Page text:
Cass Cities' own Dr Jane Clossick presents the second London Society Architecture School talk.
Abercrombie’s Plan for London (1943-44) marked a sea change in the way the city was made, a move towards the view from above. It was indicative of the modernist thinking soon to be made concrete, with cars and pedestrians neatly separated, zones of industry and housing organised by category, and housing lifted away from the smog of the city to new, towering heights.
Using a series of iconic concrete case studies including the Barbican to explore themes of civic, economic, social and architectural change, Dr Jane Clossick (Cass Cities, London Metropolitan University) will explore this unique phase in the history of London’s architecture which has left its indelible print on the urban grain of the city today.
Jane is passionate about London urbanism. Born in London, she trained as an architect and completed a PhD on a London high street in 2016. She is Lecturer in Urban Design, co-runs the Cass Cities Unit and research group and is course leader for MA Architecture and Urbanism MA.
Cass Cities and the Architecture and Urbanism MA are delighted to partner with the London Society in bringing to you two 'Saturday Schools' on Architecture and Planning. Two series of five Saturday morning sessions in June and September, in which eminent and lively speakers cover topics relevant to the past, present and future of London at a variety of scales, from building to city.
The London Society is a forum for debate on the future of London. They arrange events and visits to a variety of places, buildings and institutions, some not generally open to the public, organise debates and lectures, including the annual Sir Banister Fletcher Lecture, addressed by distinguished speakers. The Society also sponsors the All Party Parliamentary Group on London Planning and Built Environment.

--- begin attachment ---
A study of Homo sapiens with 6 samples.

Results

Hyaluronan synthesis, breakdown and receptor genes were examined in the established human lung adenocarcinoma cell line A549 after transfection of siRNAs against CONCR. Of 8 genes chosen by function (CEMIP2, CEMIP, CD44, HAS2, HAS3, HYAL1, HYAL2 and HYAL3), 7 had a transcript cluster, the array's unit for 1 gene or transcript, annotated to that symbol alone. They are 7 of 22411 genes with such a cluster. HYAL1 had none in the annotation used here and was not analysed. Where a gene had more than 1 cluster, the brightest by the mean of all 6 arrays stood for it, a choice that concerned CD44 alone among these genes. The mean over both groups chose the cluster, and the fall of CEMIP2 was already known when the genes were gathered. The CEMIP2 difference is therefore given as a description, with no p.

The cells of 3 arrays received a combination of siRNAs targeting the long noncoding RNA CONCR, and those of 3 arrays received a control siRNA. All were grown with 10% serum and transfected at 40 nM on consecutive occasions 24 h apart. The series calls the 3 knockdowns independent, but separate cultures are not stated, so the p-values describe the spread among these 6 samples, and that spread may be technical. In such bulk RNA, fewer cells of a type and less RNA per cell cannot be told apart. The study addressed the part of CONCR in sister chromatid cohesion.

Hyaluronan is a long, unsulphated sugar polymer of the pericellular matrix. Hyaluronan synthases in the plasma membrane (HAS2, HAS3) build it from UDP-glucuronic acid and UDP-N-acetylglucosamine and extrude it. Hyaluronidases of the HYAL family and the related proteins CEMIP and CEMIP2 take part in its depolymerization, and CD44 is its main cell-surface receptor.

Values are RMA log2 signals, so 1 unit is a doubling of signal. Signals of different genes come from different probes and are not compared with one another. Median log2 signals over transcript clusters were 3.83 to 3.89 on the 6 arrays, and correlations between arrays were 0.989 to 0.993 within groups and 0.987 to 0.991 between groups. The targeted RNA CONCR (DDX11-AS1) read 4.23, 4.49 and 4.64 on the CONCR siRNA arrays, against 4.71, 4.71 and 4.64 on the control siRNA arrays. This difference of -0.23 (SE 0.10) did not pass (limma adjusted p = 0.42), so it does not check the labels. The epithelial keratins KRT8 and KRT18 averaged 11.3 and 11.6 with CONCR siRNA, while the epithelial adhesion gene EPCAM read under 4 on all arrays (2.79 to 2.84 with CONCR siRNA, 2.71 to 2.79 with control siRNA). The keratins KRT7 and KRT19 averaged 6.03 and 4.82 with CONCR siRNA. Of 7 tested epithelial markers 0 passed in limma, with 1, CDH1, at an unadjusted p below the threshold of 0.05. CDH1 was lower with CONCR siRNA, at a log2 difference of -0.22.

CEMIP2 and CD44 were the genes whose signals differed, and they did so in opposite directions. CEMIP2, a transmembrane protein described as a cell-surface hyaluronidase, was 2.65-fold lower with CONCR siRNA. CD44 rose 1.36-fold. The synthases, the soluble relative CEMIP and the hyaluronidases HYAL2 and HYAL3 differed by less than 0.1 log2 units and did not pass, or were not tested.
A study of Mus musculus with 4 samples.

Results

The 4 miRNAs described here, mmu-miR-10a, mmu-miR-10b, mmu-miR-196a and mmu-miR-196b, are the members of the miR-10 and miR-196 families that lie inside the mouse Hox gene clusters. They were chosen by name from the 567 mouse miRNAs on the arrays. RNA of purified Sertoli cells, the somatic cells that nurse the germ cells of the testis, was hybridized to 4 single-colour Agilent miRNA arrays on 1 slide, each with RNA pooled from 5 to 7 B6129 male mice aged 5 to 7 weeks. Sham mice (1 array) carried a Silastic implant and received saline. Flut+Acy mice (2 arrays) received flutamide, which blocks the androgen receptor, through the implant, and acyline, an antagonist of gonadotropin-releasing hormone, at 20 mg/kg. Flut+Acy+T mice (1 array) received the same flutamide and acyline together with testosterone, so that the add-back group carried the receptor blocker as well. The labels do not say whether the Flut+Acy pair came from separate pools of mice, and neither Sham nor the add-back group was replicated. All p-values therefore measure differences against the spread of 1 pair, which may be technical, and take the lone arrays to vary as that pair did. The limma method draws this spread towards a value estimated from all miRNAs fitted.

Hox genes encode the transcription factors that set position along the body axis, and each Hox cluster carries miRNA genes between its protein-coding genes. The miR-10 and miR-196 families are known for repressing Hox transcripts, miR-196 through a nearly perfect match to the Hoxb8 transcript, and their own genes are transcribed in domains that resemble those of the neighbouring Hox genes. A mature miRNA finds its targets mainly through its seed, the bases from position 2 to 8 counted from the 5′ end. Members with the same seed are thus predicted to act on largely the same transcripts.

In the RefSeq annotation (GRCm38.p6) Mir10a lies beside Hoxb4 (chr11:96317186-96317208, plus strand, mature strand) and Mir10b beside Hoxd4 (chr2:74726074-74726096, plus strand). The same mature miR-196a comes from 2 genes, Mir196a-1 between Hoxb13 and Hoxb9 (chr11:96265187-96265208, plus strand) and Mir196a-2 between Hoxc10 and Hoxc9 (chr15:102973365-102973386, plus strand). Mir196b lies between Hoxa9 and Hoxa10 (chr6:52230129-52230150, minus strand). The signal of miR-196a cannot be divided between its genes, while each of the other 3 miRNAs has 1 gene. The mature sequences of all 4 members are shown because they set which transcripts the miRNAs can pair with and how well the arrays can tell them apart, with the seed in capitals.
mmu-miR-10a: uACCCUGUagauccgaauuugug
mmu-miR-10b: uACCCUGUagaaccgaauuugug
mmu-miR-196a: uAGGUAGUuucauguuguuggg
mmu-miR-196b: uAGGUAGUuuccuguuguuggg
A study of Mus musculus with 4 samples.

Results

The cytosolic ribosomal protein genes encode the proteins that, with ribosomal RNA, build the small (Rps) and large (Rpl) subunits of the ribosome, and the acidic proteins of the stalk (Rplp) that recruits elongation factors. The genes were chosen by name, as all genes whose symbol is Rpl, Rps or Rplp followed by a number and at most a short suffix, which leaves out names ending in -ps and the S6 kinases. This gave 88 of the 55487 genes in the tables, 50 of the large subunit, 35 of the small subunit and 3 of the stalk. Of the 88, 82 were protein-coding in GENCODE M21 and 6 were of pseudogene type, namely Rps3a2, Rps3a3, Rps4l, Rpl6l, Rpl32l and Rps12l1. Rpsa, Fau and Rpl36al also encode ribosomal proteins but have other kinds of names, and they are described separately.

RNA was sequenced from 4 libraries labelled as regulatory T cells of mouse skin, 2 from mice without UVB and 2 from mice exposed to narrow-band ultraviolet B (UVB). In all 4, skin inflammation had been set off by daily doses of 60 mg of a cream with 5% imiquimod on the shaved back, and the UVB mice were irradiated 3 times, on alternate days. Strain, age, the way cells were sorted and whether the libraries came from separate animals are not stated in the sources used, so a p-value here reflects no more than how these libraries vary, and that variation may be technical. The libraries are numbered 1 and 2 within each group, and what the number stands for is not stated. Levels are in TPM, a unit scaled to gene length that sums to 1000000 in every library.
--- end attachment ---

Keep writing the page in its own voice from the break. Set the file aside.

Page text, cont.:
The 2018 London Society Architecture School will explore the architecture of London from the halcyon years before the First World War when London was the largest city in the world, the centre of an enormous empire, through the period of long reinvention, to the present day. Changes in social aspirations have left a portfolio of buildings that mirror this 100 year period of architectural evolution. Technology, cultural and political developments have left their marks on the palimpsest of buildings that the unprecedented changing forces and opportunities that the wrench from a 'search for a new style' in architecture. How and why is architecture so changeable? What drives a design and how can cultural references be picked up, used, discarded and then picked up again? How do clients and building methods drive design? How does this ever-changing rainbow of taste evolve and leave its mark in a building?